Africa Newsletter 11-07-18

Africa News

Market Update 11-07-18


The price of maize has been on the rise, currently trading at Sh1,900 per 90kg, as farmers throughout Kenya are preferring to hold the crop in anticipation of better pricing. As other regions begin harvest, farmers hope they won’t be stuck holding old crop. The price of many beans such as pigeon peas and green grams have remained relatively stable. According to the Kenyan Bureau of Standards, the government may have lost an estimated Sh7.6 billion after approximately 4 million bags of maize were deemed unfit for human consumption. The maize, procured last year to be held in the Strategic Grain Reserve, was found to be discolored and contained high levels of mycotoxins and fumonisin.

On Tuesday, the government of Kenya announced that it will be buying maize from the current harvest at Sh2,300 per 90kg. The Strategic Food Reserve Trust Fund (SFRTF) has set a target to procure 2.5 million bags from the current harvest and will begin purchasing maize upon the requested Sh5.7 billion find is released from the government. While the price suggested by the government is above the current spot price, the price was quickly rejected by farmers and governors from the North Rift Economic Bloc claiming that production costs have risen compared to previous crop years due to the eight percent VAT imposed on fuel and agricultural chemicals, making it extremely difficult to turn a profit at the proposed pricing levels.


Maize is trading at UGX 550 per kg in the Greater Kampala area as the new crop is still a few weeks away from entering the market. Red kidney beans are trading at UGX 2,000 per kg in Kampala. The current prices are expected to be the peak before the new crop enters the market and prices begin to relax. For information on drying solutions, please contact any member of the PXAfrica team. Soybeans are available in the Kampala area at UGX 2,000 per kg as demand from Kenya and Rwanda remain strong.

On October 29th, the Ugandan government has approved the African Continental Free Trade Act (AfCFTA) joining Rwanda, Kenya, Niger, Ghana, Chad and Swaziland who have already approved the Act. According to Paul Kagame, president of Rwanda, the goal of the AfCFTA is to promote economic, social and cultural development through eliminating both tariff and non-tariff barriers and turn the continent into a single market. For the Act to become functional, a minimum of twenty-two countries must approve the legislation within their own countries. South Africa is currently going under the ratification process, and an additional thirty-seven countries signed the original agreement at the March 2018 African Union meeting in Kigale, Rwanda.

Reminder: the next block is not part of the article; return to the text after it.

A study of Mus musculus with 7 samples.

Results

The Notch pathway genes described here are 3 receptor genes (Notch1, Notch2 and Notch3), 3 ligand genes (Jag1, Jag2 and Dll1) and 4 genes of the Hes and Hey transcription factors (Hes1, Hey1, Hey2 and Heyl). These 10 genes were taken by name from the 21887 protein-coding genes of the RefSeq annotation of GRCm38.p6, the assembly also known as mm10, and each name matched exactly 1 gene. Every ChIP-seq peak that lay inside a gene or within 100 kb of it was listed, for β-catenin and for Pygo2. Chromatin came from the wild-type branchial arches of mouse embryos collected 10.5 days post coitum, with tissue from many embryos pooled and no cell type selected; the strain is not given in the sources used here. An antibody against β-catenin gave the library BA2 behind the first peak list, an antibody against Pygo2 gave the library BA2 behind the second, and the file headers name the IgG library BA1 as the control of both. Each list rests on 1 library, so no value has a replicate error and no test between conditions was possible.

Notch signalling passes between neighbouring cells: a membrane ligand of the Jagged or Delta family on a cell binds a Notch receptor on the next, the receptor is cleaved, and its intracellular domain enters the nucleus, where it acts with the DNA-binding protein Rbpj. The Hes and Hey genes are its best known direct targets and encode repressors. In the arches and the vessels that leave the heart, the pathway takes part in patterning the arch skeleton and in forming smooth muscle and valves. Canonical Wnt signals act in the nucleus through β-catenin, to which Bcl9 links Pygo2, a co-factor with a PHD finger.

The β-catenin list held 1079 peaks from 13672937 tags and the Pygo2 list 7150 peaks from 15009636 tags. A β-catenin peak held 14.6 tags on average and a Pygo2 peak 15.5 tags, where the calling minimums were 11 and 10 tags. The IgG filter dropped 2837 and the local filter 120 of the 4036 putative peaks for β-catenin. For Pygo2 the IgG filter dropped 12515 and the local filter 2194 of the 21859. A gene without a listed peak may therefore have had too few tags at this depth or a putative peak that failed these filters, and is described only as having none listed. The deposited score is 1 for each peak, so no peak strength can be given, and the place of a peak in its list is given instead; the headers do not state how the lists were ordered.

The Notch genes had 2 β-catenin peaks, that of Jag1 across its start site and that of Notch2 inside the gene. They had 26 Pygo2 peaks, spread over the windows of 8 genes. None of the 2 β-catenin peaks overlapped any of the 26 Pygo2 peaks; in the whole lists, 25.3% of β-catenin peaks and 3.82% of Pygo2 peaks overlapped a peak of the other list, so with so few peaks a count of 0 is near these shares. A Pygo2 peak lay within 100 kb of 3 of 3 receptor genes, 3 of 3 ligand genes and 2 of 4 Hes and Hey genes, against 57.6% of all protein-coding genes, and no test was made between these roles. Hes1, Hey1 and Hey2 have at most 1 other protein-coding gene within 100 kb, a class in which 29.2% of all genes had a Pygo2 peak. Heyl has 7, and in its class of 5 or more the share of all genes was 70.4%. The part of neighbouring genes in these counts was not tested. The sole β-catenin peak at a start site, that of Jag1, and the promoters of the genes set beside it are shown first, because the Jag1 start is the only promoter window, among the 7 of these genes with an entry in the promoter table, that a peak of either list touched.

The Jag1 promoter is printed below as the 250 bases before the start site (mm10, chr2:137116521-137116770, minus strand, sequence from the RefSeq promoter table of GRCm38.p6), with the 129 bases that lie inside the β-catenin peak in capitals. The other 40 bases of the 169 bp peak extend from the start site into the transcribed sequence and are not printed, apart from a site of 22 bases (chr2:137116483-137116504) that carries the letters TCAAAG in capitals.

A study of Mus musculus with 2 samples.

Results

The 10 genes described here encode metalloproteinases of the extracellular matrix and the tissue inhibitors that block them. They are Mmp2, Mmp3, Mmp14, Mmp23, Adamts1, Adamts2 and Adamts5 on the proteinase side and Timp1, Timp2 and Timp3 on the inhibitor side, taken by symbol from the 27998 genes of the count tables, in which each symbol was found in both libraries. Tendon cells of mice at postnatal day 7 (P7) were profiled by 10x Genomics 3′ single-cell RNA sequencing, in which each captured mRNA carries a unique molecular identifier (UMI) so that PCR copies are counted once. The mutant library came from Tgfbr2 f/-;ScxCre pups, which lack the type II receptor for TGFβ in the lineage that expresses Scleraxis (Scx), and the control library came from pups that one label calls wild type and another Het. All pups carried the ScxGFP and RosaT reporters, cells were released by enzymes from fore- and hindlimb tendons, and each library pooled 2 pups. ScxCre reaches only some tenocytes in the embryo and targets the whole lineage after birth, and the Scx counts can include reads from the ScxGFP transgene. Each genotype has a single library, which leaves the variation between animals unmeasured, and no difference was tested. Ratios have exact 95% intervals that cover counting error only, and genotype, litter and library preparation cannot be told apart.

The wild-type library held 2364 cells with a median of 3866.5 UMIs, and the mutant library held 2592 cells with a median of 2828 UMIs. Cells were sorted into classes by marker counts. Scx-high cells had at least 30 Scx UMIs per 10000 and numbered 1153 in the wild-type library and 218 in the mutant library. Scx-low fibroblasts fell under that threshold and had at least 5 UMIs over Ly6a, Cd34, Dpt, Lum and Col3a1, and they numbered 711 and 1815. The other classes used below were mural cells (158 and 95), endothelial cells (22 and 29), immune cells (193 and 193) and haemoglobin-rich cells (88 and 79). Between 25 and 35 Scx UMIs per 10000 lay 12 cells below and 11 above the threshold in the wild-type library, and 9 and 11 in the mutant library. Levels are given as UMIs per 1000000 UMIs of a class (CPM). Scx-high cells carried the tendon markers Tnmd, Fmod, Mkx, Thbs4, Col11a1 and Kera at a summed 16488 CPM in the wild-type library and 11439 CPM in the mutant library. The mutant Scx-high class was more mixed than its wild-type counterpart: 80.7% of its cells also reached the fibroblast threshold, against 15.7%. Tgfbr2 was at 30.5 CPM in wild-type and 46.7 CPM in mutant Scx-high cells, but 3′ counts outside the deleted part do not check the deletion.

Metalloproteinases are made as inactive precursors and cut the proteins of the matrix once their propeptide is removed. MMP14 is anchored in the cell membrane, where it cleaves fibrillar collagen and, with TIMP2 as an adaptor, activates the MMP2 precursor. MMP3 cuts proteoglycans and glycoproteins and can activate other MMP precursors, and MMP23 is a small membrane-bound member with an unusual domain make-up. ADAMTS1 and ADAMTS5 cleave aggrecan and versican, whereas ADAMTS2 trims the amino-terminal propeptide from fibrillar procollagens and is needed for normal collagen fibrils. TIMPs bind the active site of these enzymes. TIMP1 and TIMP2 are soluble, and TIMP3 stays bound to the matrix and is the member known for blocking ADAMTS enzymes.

East Africa Trade Update:

Kenya has become a net importer of goods in comparison to Uganda for the 2017/18 financial year, realizing its first trade deficit with Uganda in the history of recording the statistic. According to a report released by the Central Bank of Kenya, the trade balance has steadily narrowed on a yearly basis starting with the 2011/12 financial year, however Ugandan maize exports to Kenya in the 2017/18 financial year likely tipped the scale. An apparent export opportunity arose as farmers in Uganda realized low prices in local markets, and harvests in Kenya were diminished due to poor weather, which lead to Uganda covering nearly seventy percent of Kenya’s maize imports for the year, just shy of 300,000 metric tons.

Beyond maize, Ugandan commodity exports are up approximately ten percent compared to last year as many products such as coffee, tea, tobacco, fish, base metals, beans and crude oil volumes have increased. The largest single exported product remains coffee, valued at $492 million US dollars, however large gains were realized with beans and maize seeing year over year increases of 89.8 percent and 29.8 percent respectively.